Your TV Might Be Spying on You

Those internet-connected devices can be a gateway for hackers.

(Image credit: © 2016 Ryan Donnell)

Kiplinger's interviewed Jeremiah Grossman, chief of security strategy for cybersecurity firm SentinelOne. Read excerpts from our interview below.

From TVs to thermostats to light bulbs, more and more devices have Wi-Fi capability. Are they vulnerable to hacking? A “smart” device is a tiny, internet-connected computer with a narrower purpose than a laptop or PC. An iPhone, for example, is not a phone—it’s a computer that happens to have a phone app on it. Anything connected to the internet is at risk of being hacked. As these devices become widespread, they create more points of entry for bad guys. If crooks hack your smart TV, they may or may not be able to monitor your activity through it—but they could potentially use it as a stepping-stone to attack or surveil other devices on the same network.

Do these gadgets come with security protections? Many manufacturers have an incentive to create the cheapest products they can, so they sacrifice security. And when consumers buy, say, a baby monitor, they’re not necessarily looking for security. They want the right features at the lowest price.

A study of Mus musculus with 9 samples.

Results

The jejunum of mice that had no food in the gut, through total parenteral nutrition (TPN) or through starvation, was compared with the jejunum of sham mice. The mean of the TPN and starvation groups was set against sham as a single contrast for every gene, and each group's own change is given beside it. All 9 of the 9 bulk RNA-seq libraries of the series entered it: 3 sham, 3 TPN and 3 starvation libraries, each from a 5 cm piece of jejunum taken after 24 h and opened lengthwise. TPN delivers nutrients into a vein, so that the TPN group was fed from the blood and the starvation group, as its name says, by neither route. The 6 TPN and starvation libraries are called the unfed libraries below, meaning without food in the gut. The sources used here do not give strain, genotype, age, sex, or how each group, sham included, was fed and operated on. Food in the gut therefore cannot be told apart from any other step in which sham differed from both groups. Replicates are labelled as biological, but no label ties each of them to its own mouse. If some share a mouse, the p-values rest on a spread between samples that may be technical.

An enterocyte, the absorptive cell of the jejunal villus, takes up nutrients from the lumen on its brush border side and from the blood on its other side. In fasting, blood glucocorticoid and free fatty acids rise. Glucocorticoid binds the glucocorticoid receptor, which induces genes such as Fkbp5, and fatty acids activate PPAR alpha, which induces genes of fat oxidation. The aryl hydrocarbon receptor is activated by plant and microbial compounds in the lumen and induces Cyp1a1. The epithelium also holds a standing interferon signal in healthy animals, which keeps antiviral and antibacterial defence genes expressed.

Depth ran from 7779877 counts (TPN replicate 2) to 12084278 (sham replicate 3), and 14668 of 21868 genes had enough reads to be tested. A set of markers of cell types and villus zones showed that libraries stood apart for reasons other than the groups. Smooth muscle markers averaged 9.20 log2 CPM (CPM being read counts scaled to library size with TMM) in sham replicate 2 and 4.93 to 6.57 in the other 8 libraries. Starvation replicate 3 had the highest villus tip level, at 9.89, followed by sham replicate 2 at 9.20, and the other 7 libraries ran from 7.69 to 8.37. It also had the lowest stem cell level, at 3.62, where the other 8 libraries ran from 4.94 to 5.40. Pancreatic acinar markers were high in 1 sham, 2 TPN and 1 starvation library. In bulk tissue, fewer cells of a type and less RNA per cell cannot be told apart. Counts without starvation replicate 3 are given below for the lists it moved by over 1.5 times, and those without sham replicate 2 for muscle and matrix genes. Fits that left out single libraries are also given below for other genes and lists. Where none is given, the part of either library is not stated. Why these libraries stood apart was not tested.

What information are smart devices legally collecting? Amazon Echo and Google Home are voice activated. They capture and record conversations within listening range of the microphone and send that data to the cloud for storage and analysis. Health-and fitness-related devices, such as the Apple Watch and FitBit, gather and store information about our biorhythms.

How can we guard our security and privacy? Change the default passwords that come with your devices, and keep them up to date with the latest software patches. Configure settings to the most secure and privacy-protecting options available, and disable features you don’t need. Most home routers allow you to set up two distinct networks—so put your smart devices on separate networks from your PCs or laptops.

Lisa Gerstner
Editor, Kiplinger Personal Finance magazine

Lisa has been the editor of Kiplinger Personal Finance since June 2023. Previously, she spent more than a decade reporting and writing for the magazine on a variety of topics, including credit, banking and retirement. She has shared her expertise as a guest on the Today Show, CNN, Fox, NPR, Cheddar and many other media outlets around the nation. Lisa graduated from Ball State University and received the school’s “Graduate of the Last Decade” award in 2014. A military spouse, she has moved around the U.S. and currently lives in the Philadelphia area with her husband and two sons.